Ghee (pronounced with a hard E, as in “he” but with a G in front) is clarified butter. It’s been used in Indian cultures for literally thousands of years. It is also used in other parts of Asia. Recently, it’s gained attention in the US for its health benefits (not to mention its deliciousness).
What exactly is ghee, or clarified butter?
Ghee is butter (usually from a cow) that has been clarified, or heated slowly to remove the liquid and milk parts.
How do you use it?
Any way you like! It has a high smoke point (450F), so it is great for sautéing veggies and/or meat, cooking eggs, roasting veggies and so on. It’s also nice spread on toast, waffles, pancakes, etc. You can add a little dollop to plain coffee or tea too. It also melts in your mouth right away if you eat it with a spoon…no judgement please 🙂
What does ghee taste like?
Totally different than what I’d imagined. The taste is usually referred to as “nutty.” It reminds me more of a softly sweet yet savory subtle caramel flavor. When you cook with it, the aroma is amazing and will get your digestive juices flowing. The texture is creamy – it’s butter!
What are the health benefits?
Ghee contains more short and medium chain fatty acids, which can be helpful for metabolizing fat. An important short chain fatty acid in ghee is butyrate, which is especially beneficial for colon health.
In addition, ghee may increase levels of super important antioxidants made by the body called glutathione, catalase and super oxide dismutase. These three master antioxidants help the body to neutralize free radicals, deal with chronic stress and reduce tissue damage. Ghee also reduces inflammation in the body by decreasing levels of inflammatory modulators. Studies have shown that ghee may decrease total cholesterol, decrease triglycerides, and increase HDL cholesterol.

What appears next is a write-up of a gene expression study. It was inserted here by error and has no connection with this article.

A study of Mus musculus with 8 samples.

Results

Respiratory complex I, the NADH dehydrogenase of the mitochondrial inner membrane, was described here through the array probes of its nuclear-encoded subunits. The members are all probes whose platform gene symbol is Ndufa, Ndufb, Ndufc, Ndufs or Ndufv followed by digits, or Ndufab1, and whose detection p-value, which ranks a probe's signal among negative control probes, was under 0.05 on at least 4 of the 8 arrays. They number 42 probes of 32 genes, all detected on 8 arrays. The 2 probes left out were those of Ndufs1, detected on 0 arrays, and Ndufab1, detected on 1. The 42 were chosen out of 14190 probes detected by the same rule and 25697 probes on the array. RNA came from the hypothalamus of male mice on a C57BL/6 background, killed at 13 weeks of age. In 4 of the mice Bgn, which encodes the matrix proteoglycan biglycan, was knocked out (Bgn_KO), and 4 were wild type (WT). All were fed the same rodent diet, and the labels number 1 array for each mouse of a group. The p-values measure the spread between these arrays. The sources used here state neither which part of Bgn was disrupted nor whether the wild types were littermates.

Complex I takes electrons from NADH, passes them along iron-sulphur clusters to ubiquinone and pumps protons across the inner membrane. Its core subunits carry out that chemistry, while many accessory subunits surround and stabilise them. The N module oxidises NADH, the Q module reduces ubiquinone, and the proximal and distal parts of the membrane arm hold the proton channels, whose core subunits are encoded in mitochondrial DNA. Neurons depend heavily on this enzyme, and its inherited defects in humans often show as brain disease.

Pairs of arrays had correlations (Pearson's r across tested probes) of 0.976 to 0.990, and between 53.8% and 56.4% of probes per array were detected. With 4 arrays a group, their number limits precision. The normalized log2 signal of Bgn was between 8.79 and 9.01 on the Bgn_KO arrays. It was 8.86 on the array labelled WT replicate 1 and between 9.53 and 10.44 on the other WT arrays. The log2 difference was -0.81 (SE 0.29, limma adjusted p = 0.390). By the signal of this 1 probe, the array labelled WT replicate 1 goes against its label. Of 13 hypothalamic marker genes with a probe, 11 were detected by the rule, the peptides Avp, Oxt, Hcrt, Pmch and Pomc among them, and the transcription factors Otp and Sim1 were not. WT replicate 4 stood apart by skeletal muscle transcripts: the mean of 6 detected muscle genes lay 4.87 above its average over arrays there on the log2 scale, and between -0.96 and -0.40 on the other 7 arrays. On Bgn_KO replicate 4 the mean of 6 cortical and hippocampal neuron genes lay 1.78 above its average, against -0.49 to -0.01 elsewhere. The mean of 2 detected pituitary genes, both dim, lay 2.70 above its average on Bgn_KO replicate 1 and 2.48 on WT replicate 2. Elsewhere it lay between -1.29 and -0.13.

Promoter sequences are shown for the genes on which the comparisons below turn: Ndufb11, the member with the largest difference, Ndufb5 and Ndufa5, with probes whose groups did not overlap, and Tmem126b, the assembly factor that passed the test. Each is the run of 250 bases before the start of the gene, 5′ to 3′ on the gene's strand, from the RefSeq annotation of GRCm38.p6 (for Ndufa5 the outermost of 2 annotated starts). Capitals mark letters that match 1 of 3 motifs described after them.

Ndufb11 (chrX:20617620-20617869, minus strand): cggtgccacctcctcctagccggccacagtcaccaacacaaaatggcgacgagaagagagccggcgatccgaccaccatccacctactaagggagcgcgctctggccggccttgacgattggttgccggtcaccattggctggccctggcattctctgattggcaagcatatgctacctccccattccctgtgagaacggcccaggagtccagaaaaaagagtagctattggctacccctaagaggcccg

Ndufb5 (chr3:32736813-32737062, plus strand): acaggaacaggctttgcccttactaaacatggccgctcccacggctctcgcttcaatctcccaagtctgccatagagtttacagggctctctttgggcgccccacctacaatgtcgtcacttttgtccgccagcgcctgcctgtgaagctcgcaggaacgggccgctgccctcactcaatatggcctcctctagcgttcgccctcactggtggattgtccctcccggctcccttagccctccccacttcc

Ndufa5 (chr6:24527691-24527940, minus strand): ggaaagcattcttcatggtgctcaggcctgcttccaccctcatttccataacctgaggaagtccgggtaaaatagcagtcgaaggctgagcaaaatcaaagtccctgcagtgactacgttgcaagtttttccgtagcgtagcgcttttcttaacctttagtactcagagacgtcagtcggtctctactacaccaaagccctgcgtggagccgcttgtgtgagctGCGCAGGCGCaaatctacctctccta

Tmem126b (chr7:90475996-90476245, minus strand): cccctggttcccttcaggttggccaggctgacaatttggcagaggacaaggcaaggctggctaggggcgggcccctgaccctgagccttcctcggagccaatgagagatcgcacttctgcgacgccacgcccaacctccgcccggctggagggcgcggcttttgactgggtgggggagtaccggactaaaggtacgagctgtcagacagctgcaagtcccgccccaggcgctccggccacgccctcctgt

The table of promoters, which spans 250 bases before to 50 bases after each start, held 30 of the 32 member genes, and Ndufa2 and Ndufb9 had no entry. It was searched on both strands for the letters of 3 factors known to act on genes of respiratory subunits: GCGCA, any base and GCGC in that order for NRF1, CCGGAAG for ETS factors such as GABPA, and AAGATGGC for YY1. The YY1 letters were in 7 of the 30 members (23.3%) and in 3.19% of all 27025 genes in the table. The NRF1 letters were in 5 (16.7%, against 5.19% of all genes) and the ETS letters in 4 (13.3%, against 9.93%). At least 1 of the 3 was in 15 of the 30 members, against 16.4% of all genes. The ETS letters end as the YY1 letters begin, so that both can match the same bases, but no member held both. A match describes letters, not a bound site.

But isn’t butter bad for cardiovascular health?
In general, butter contains different types of fats that may affect cholesterol levels, triglycerides, vascular health and plaque buildup. Because of this concern, researchers have studied ghee and found that it is safe in moderation and may confer health benefits. This is largely because the fat content of ghee is different than that of other butters.
Does it contain lactose or casein?
Nope. The lactose and casein are removed in the clarification process.
Is it vegan?
As it is a form of butter, it originates from an animal and thus is not vegan.
Should I look for anything specific when buying ghee?
Yes. Check the label to see that it is from grass-fed cows. Also make sure that no antibiotics or pesticides were used and that it is non-GMO. No other additives. Do not buy “vegetable ghee,” which may contain damaging trans-fatty acids.
Where can I find ghee?
At your local farmer’s market, health food store or online.
It doesn’t need refrigeration. Although if you don’t gobble it all up within 3 months of opening the jar, stick it in the refrigerator then.
The information provided here is not intended to replace medical advice or to treat or diagnose any medical condition. Please consult your doctor with specific questions and prior to beginning any significant diet or lifestyle changes.
Chinnadurai, Kathirvelan, et al. “High conjugated linoleic acid enriched ghee (clarified butter) increases the antioxidant and antiatherogenic potency in female Wistar rats.” Lipids in health and disease 12.1 (2013): 121.
Shankar, S. Ravi, et al. “Effect of partial replacement of visible fat by ghee (clarified butter) on serum lipid profile.” Indian journal of physiology and pharmacology 46.3 (2002): 355-360.
Sharma, Hari, Xiaoying Zhang, and Chandradhar Dwivedi. “The effect of ghee (clarified butter) on serum lipid levels and microsomal lipid peroxidation.” AYU (An international quarterly journal of research in Ayurveda) 31.2 (2010): 134.